Bank exec tips on combating cyber fraud
Local banks are wary of disclosing the level of liabilities arising from credit-card fraud and other kinds of cybercrime, but they continue to run education programmes aimed at raising awareness among merchants and bank clients who might eventually be affected.
One source at the Jamaica Bankers Association (JBA) said Wednesday that there is no industry data available on the cost of cybercrime as each bank prefers to keep their liabilities close to the chest.
For that same reason, she said, the JBA's fraud auditing arm was unable to speak to industry trends.
Head of the Financial Crimes Unit and Senior Superintendent Fitz Bailey was said to be travelling when Sunday Business sought an update on the cases under investigation.
But one of the biggest banks says instances of fraud are still on the rise but that the strategies employed by the bank have been working.
"We have seen an increase in the attempts at fraud over the past five years. However, we have been increasingly vigilant, adhering to and updating our policies, training our staff and educating our customers about the various types of fraud and how to protect themselves," said Scotia Group Chief Financial Officer Jacqueline Sharp.
"We are very proud to report that Scotiabank has reduced debit and credit card losses by 56.355 per cent for 2011 compared to 2010, and will continue to ensure that we reduce the losses from this area of our operations," she said.
The successes, according to Sharp, result from continuous improvements to manage and reduce losses.
"Globally, the Scotiabank Group has developed very strong expertise in this area, and has contributed to developing international standards and best practices on fraud detection and prevention measures," said.
Scotiabank invests internally in ongoing education of customers and merchants on electronic banking usage, identity theft and card fraud.
The bank also has a few thoughts on what customers can do to protect themselves. Here are Sharp's tips:
Never respond to emails, open attachments, or click on suspicious links from reputable institutions or unknown senders asking for personal or financial information.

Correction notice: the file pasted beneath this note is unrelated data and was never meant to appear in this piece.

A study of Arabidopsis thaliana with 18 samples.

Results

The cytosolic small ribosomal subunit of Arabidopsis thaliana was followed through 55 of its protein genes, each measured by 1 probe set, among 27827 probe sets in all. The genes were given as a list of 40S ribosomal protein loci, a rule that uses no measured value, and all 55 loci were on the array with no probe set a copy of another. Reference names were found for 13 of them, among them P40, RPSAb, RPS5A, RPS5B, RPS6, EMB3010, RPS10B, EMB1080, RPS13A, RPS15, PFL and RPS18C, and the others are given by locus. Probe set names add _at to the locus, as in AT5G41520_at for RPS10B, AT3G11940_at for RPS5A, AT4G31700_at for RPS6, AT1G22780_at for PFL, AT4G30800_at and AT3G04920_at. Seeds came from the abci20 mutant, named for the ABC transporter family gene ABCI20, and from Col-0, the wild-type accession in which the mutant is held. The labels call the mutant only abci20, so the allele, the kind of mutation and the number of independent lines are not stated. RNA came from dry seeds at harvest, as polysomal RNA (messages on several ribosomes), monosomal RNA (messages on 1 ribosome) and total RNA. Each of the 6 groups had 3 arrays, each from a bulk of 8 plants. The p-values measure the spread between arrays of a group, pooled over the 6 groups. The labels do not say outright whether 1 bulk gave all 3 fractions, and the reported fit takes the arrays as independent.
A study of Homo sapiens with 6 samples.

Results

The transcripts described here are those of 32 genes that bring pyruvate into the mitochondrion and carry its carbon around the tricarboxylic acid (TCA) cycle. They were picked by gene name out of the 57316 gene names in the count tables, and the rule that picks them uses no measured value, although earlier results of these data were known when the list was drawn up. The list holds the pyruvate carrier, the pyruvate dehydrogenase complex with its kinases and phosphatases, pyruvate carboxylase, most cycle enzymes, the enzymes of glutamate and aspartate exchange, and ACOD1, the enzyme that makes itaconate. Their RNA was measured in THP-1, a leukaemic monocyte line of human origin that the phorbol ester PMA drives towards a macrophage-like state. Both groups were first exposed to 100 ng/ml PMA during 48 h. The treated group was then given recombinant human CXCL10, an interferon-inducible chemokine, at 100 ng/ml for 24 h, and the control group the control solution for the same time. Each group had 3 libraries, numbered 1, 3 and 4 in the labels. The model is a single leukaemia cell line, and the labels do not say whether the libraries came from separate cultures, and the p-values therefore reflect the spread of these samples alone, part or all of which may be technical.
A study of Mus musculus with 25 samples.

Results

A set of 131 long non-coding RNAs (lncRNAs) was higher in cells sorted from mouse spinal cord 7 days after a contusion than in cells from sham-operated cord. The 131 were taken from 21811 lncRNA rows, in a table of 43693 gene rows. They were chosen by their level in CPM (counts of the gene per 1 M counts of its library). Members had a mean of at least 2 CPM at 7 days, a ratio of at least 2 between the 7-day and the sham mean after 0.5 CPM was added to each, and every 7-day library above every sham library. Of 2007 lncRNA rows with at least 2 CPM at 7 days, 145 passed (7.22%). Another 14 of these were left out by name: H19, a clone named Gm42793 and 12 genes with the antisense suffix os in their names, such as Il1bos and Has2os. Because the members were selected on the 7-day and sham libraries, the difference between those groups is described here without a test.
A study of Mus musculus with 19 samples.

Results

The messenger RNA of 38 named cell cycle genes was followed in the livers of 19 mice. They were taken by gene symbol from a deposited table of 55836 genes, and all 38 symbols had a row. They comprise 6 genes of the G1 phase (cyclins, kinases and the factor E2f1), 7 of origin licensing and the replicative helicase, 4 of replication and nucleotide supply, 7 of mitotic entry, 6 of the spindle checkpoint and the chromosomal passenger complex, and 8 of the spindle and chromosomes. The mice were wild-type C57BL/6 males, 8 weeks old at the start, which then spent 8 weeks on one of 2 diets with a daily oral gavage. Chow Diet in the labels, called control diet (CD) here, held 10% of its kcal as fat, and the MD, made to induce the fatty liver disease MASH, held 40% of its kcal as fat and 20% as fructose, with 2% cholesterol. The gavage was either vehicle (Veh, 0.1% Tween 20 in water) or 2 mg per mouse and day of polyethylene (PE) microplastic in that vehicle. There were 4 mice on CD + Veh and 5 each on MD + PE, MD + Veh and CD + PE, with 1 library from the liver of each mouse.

Always remember that the bank will never send you unsolicited emails asking for confidential information, such as your password, PIN, access code, credit card and account numbers. "We will never ask you to validate or restore your account access through email or pop-up windows," she said.
If you have entered personal information after clicking on a link or suspect fraudulent behaviour, call the bank immediately.
Some emails look authentic, featuring corporate logos and layouts similar to the ones used by institutions for legitimate communication. But you should never respond to or action any email that:
• Requires you to enter personal information directly into the email or submit that information online.
• Threatens to close or suspend your accounts if you do not provide or verify personal information.
• Claims that your account has been compromised or that there has been fraudulent activity on your account and requests you to enter, validate or verify your account information.
• States that there are unauthorised charges on your account and requests your account information.
• Claims that the bank has lost important security information and needs you to update your information online.
• Asks you to enter your card number, password, access code or account numbers into an email, pop-up window, form or non-secure web page.
• Asks you to confirm, validate, verify, or refresh your account, credit card, or financial information.
- HOW TO STAY ALERT
- Be suspicious of all unsolicited or unexpected emails you receive, even if they appear to originate from a trusted source like Scotiabank.
- Never click on a link in an email or pop-up window to go to a site. Type, or cut and paste, the URL into a new web browser window.
- Type in the Scotiabank web address yourself to ensure you are transacting with our server. You can also bookmark the URL to save time.
- Never call a number appearing on an email you suspect is fraudulent. In a new twist, phishing scams use a phony telephone number in the email. When you call, a person or an automated response asks for your personal and/or account information.
- If you do have a relationship with the company mentioned in the email, call the company on the telephone using a reputable source like your statement or the phone book for the phone number.